Capitol physician says “no evidence” McConnell has seizure disorder, stroke, Parkinson’s

Mitch McConnell cleared to resume Senate duties

Mitch McConnell cleared to resume Senate duties


Washington — Senate Minority Leader Mitch McConnell shows “no evidence” that he suffered a seizure disorder, stroke or Parkinson’s disease during his two freezing episodes, the attending physician of Congress said Tuesday. 

“There is no evidence that you have a seizure disorder or that you experienced a stroke, TIA or movement disorder such as Parkinson’s disease,” Dr. Brian Monahan wrote in a letter to McConnell that was released publicly. 

Monahan also said McConnell had a brain MRI, EEG study and consultations with several neurologists. 

McConnell experienced a second freezing episode in public last week while answering questions from reporters in Kentucky. The latest episode came about a month after McConnell stopped talking mid-sentence during a news conference at the U.S. Capitol.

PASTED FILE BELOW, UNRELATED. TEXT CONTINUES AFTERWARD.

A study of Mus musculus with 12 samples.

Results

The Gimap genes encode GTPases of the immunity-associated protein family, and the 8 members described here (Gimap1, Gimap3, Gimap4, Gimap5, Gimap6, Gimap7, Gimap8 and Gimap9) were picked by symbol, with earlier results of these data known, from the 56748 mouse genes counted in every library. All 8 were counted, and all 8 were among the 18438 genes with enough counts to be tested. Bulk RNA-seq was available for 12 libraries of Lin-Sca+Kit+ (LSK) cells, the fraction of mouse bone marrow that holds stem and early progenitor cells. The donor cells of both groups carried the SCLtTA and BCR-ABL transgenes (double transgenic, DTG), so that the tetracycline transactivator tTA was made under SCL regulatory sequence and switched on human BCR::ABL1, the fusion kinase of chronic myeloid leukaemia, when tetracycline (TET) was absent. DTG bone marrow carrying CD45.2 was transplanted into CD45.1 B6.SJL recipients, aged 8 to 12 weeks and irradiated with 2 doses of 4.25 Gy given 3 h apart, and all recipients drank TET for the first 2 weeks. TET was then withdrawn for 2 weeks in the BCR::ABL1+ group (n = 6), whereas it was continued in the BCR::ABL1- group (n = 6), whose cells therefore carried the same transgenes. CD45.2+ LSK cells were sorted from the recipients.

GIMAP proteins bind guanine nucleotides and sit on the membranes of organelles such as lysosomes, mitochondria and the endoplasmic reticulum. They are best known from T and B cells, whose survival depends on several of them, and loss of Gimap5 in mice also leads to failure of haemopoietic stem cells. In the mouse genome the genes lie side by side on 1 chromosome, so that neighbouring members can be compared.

The episodes have brought growing scrutiny about the 81-year-old’s health. McConnell suffered a concussion in March after tripping at a Washington hotel and was hospitalized for several days. He then continued treatment at an inpatient rehabilitation facility before returning to the Senate. 

After last week’s incident, a spokesperson for McConnell said he felt “momentarily lightheaded and paused” during the news conference. A similar explanation was given after the first incident. 

Monahan said last week that McConnell was “medically clear to continue with his schedule as planned” after consulting with the Republican leader and his neurological team. 

“Occasional lightheadedness is not uncommon in concussion recovery and can also be expected as a result of dehydration,” he said last week. 

And he told McConnell in this week’s letter, “There are no changes recommended in treatment protocols as you continue recovery from your March 2023.”